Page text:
1. Chi Chiu Mok1,
  2. Kwok Hung Chan2,
  3. Ling Yin Ho1,
  4. Yim Fong Fung2,
  5. Wai Fong Fung2,
  6. Patrick Chiu Yat Woo2
  1. 1 Department of Medicine, Tuen Mun Hospital, Hong Kong, SAR China
  2. 2 Department of Microbiology, University of Hong Kong, Hong Kong, SAR China
  1. Correspondence to Dr Chi Chiu Mok, Medicine, Tuen Mun Hospital, Hong Kong, SAR China; ccmok2005{at}yahoo.com

Abstract

Objectives To study the safety and immunogenicity of a live-attenuated herpes zoster (HZ) vaccine in patients with systemic lupus erythematosus (SLE).

Methods Adult SLE patients having a SLEDAI <6 and stable immunosuppressive treatment for ≥6 months were recruited. Participants were randomly assigned to receive HZ vaccine (Zostavax) or placebo injection. Anti-varicella zoster virus (VZV) IgG reactivity (baseline and week 6) was measured by an enzyme-linked fluorescence assay. Cell-mediated response was assessed by a VZV-stimulated interferon-gamma (IFN-γ) enzyme-linked ELISPOT assay. Adverse events and immune responses of the two groups were compared.

Results 90 SLE patients were recruited (age 45.6±14.1 years; 93% women) and assigned to Zostavax or placebo (in 1:1 ratio). Baseline clinical parameters were similar between the two groups. The change in anti-VZV IgG from week 0 to 6 was +59.8% in the vaccine and −2.1% in the placebo group. Week 6 anti-VZV IgG was significantly higher in vaccinated than placebo-treated patients, after adjustment for baseline (4.16±1.26 vs 3.32±1.01; p<0.001). The number of IFN-γ secreting T-cell spots decreased in the placebo-treated patients (−17%) but increased in vaccinated patients (+42%). The T-cell spots number at week 6 was significantly higher in vaccine—than placebo-treated patients after adjustment for baseline (38.1±78.2 vs 23.1±47.9; p=0.02). Significantly more vaccinated patients reported self-limiting injection site reaction than controls (31% vs 7%; p<0.01). Two vaccinated patients (4.4%) and one (2.2%) placebo-treated patient had mild/moderate SLE flares but no patients developed HZ eruption within 6 weeks postvaccination.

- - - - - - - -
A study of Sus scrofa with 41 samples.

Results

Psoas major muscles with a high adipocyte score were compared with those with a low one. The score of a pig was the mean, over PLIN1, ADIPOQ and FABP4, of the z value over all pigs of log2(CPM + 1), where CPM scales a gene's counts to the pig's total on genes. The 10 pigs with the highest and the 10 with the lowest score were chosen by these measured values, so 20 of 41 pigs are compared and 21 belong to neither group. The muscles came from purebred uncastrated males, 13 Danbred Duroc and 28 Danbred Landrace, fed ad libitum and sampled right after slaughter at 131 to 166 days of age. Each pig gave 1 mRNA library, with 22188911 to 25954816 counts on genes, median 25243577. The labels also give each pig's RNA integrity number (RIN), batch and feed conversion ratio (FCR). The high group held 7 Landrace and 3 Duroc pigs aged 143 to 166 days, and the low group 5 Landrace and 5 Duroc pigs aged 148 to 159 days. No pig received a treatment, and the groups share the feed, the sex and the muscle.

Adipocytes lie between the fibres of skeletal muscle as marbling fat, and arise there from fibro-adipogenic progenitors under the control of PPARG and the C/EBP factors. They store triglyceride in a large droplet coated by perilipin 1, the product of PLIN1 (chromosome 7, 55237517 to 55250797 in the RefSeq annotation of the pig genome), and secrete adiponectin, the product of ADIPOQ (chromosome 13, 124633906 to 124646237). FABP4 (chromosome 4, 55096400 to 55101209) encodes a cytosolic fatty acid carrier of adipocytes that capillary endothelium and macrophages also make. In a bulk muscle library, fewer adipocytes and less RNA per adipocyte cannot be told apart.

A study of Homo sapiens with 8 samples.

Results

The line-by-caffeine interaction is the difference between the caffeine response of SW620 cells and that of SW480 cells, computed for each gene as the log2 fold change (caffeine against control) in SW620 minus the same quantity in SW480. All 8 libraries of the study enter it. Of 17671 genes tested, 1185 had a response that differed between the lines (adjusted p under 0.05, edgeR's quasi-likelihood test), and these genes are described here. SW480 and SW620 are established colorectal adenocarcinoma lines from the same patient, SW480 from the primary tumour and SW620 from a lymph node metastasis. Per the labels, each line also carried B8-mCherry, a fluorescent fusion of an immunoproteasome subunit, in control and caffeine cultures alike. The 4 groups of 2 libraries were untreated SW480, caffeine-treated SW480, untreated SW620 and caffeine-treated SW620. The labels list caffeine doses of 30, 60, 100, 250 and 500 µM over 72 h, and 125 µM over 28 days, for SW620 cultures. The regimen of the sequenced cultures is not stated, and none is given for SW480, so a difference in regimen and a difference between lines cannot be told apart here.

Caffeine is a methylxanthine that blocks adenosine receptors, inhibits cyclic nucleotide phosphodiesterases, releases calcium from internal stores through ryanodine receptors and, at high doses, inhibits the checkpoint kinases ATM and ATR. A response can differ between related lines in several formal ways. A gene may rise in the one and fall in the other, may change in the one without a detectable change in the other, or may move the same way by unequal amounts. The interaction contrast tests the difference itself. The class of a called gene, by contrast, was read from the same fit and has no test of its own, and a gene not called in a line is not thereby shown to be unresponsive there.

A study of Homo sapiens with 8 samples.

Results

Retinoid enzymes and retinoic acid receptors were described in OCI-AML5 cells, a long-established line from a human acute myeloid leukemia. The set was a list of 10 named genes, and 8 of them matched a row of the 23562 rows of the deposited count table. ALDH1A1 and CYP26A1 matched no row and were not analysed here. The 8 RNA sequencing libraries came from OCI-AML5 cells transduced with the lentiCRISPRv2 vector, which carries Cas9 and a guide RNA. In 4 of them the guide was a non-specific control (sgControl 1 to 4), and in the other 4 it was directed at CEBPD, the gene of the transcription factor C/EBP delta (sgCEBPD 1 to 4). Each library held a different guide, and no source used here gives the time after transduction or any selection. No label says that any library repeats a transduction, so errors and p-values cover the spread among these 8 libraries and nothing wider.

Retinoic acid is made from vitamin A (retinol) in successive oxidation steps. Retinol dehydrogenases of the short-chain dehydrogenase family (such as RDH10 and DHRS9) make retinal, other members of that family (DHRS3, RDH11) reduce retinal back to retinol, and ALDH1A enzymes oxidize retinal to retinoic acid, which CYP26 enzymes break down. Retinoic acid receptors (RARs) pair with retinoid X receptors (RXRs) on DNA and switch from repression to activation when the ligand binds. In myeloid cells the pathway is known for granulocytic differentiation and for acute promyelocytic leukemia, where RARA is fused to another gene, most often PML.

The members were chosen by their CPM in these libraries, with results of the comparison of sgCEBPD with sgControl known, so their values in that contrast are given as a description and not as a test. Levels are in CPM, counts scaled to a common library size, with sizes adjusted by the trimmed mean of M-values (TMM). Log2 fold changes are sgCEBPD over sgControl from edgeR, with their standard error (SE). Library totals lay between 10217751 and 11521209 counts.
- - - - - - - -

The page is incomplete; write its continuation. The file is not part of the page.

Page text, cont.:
Conclusions In patients with stable SLE not receiving intensive immunosuppression, Zostavax was well-tolerated and provoked an immune response.

Trial registration number US ClinicalTrials.gov registry (NCT02477150).

  • herpes zoster
  • live-attenuated
  • safety
  • lupus
  • immunogenicity

  • Handling editor Josef S Smolen

  • Contributors CCM and LYH: study design, patients’ assessment, data collection and analysis. KHC, YFF, WFF and PCYW: laboratory assay, data collection and analysis.

  • Funding This work was funded by the Health and Medical Research Fund from the Hong Kong Research Fund Secretariat.

  • Competing interests None declared.

  • Patient consent for publication Not required.

  • Ethics approval The study protocol was approved by the Research and Ethics Committee of Tuen Mun Hospital and registered in ClinicalTrial.Gov (NCT02477150).

  • Provenance and peer review Not commissioned; externally peer reviewed.

  • Data availability statement All data relevant to the study are included in the article or uploaded as supplementary information.